What Mr. Bush did, on October 10, was to announce, or rather to reemphasize, three policies. There would be a commission set up to assist a Free Cuba. I.e., motions to help Cuba when Castro is ousted or dies. (One wonders whether these would include renouncing the claims of U.S. corporations whose assets were confiscated by Cuba four decades ago.)
Mr. Bush will enforce more strictly travel restrictions to guard against American entrepreneurs going to Cuba to do business, or Americans going there as tourists.
And Mr. Bush will continue to attempt to devise ways to get Cubans seeking refuge from Castro entry to the United States without requiring them to "risk their lives at sea." The policy would seek to cope with Castro's punishment (most recently, sentences of 10 years in jail) of Cubans who seek to emigrate, are caught, and repatriated. How?
Castro reacted to the Bush initiatives in a characteristic way. "Cuba again denounces these new provocations and aggressions by the neofascist American government." These policies, said the official Communist Party daily, Granma
, "have an electoral stink" that shows "the unlimited commitment of the American government to the extreme right and its obsessions with destroying the Cuban revolution's example."
Now, analysts of the political situation can't discount the whole of such condemnations of U.S. policy simply because they issue from Castro and his retinue. Mr. Bush's reiteration of the same old thing in respect of our treatment of Cuba can't be attributed to fundamental U.S. attitudes toward tyrannical governments. If this were so, we would not have permitted trade with the Soviet Union during thirty long years before that tyranny ended. The tyranny in China shows no sign whatever of ending, and does not, there, depend on the longevity of a single person. Mao has been dead for a long time, and we are into the fourth generation of tyrannical successions. U.S. policy urges trade with Vietnam, a tyranny we fought, in living memory, not by restricting tourist visas to Hanoi, but by dispatching 500,000 American soldiers to shoot North Vietnamese Communists and their sympathizers.
Policies towards China and Vietnam evolved, but not policies toward Cuba, even though the worldwide threat of which Cuba was once a salient no longer exists. Why? Do those policies have something to do with "an electoral stink"?
Well, yes. Minority exertions on foreign policy tend to have extortionate effects. This is true of Jewish American influence on Mideast policy, of Hispanic American influence on immigration policy, of Cuban American influence on Cuba policy.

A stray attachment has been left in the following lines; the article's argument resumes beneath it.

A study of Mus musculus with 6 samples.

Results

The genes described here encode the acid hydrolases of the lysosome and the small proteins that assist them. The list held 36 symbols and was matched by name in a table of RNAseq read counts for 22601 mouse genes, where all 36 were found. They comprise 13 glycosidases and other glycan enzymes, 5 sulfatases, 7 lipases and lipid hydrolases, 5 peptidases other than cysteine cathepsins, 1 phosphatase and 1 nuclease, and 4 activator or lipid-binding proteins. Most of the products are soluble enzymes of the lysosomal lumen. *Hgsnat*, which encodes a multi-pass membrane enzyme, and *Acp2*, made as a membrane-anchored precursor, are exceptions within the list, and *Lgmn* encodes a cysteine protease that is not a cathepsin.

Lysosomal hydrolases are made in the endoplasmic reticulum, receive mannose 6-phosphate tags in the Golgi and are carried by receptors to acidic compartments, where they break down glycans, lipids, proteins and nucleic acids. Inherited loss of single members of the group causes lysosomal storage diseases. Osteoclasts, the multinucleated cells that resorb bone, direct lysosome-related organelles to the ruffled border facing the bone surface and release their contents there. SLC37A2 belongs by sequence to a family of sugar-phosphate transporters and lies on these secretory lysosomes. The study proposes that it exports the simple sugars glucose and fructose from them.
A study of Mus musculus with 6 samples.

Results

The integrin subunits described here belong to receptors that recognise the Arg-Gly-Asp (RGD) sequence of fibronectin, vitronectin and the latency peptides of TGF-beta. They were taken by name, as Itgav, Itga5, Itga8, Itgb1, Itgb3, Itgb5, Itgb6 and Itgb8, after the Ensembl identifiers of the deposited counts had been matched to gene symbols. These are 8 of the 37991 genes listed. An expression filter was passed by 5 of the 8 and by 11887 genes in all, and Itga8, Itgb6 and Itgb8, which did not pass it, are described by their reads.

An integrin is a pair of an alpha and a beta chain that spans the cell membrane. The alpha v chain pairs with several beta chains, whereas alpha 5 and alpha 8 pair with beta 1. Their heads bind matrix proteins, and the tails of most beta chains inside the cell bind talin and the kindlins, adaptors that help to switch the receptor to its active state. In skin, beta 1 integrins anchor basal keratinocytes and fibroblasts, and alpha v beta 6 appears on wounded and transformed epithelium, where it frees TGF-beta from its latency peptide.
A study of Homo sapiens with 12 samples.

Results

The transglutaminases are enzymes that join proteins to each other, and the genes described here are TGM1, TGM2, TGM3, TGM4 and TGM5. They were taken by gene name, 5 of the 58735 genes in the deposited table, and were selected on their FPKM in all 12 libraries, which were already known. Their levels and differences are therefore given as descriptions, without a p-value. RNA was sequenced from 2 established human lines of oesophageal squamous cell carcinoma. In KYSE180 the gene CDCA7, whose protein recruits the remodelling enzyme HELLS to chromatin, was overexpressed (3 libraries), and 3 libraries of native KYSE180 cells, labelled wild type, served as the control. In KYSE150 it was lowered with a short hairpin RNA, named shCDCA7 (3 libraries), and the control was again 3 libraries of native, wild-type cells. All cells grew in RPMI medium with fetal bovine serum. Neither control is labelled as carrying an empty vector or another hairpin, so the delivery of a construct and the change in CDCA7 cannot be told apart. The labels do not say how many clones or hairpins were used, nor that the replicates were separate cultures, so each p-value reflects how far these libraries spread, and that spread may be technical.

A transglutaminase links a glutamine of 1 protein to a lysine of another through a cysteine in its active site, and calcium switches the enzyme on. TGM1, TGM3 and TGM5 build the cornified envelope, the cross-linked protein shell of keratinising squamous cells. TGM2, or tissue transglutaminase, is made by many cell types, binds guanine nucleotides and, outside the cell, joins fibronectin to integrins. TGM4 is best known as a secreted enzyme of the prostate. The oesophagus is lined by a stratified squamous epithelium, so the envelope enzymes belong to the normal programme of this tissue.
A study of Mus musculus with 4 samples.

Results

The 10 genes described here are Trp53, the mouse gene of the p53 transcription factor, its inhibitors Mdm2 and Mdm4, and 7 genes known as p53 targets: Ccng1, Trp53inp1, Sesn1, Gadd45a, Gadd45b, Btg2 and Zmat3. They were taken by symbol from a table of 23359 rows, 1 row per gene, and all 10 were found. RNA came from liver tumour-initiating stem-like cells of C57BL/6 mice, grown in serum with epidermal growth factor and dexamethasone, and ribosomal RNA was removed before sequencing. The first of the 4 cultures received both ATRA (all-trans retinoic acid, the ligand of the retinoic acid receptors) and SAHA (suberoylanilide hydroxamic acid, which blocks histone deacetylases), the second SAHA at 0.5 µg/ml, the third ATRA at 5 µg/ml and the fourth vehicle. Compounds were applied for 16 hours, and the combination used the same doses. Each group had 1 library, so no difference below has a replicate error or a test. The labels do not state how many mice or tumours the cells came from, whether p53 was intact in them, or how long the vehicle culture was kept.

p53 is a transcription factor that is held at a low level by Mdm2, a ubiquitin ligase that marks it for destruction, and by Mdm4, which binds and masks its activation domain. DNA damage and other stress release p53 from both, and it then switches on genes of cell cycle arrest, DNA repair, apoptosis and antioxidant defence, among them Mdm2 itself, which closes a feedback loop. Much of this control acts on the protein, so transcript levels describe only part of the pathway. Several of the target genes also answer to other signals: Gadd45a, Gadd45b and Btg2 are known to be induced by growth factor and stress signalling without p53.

There is, in this case, something of national pride also at work. We have been terribly humiliated by Castro over forty years. We tried to invade his country and failed. We tried to assassinate him and failed. He extended his hospitality to Soviet nuclear missiles, very nearly precipitating world war. Add to this his personal odiousness in torturing and killing individual Cubans who defy or displease him. I quote myself a few years ago, and reiterate that I would volunteer to serve as hangman if Castro were caught and sentenced to death.
But U. S. pride, brandished in Little Havana policy, doesn't make sense. Castro lives on, the penury of the Cuban people increases, and the only truth that survives is that socialist Cuba cannot withstand one thing-capitalist intervention. But only Cuban Americans, apparently, can bring on such revisions in policy as would at least permit American enterprise to bring concrete relief to Cubans, through the capitalism that scorns the pretensions of Castroism and the misery they have brought.
But this torch must be lit by Cuban Americans. That day is not advanced by political fustian that has got us nowhere in the 13 years in which Castro has lived an isolated salamander in what was once the oceanic threat of a Soviet enterprise.
Announcing his new initiatives in the matter of dealing with Cuba, President Bush proclaimed that "no tyrant can stand forever against the power of liberty." Mr. Bush must have been making a biological point. Fidel Castro is not going to live forever, and therefore it is true that that tyrant's stay on earth is limited: by a congeries of organic factors that include blood, heart, and brain. A mortal development here would not make his death a triumph of U. S. foreign policy. Castro celebrated his 77th birthday last August. He had told the National Assembly in March that he would remain in power "as long as I feel that I can be useful and if it is not decided by nature before." By "nature," he doesn't mean U. S. policies. He completed his thought: "Now I understand it was not my destiny to rest at the end of my life."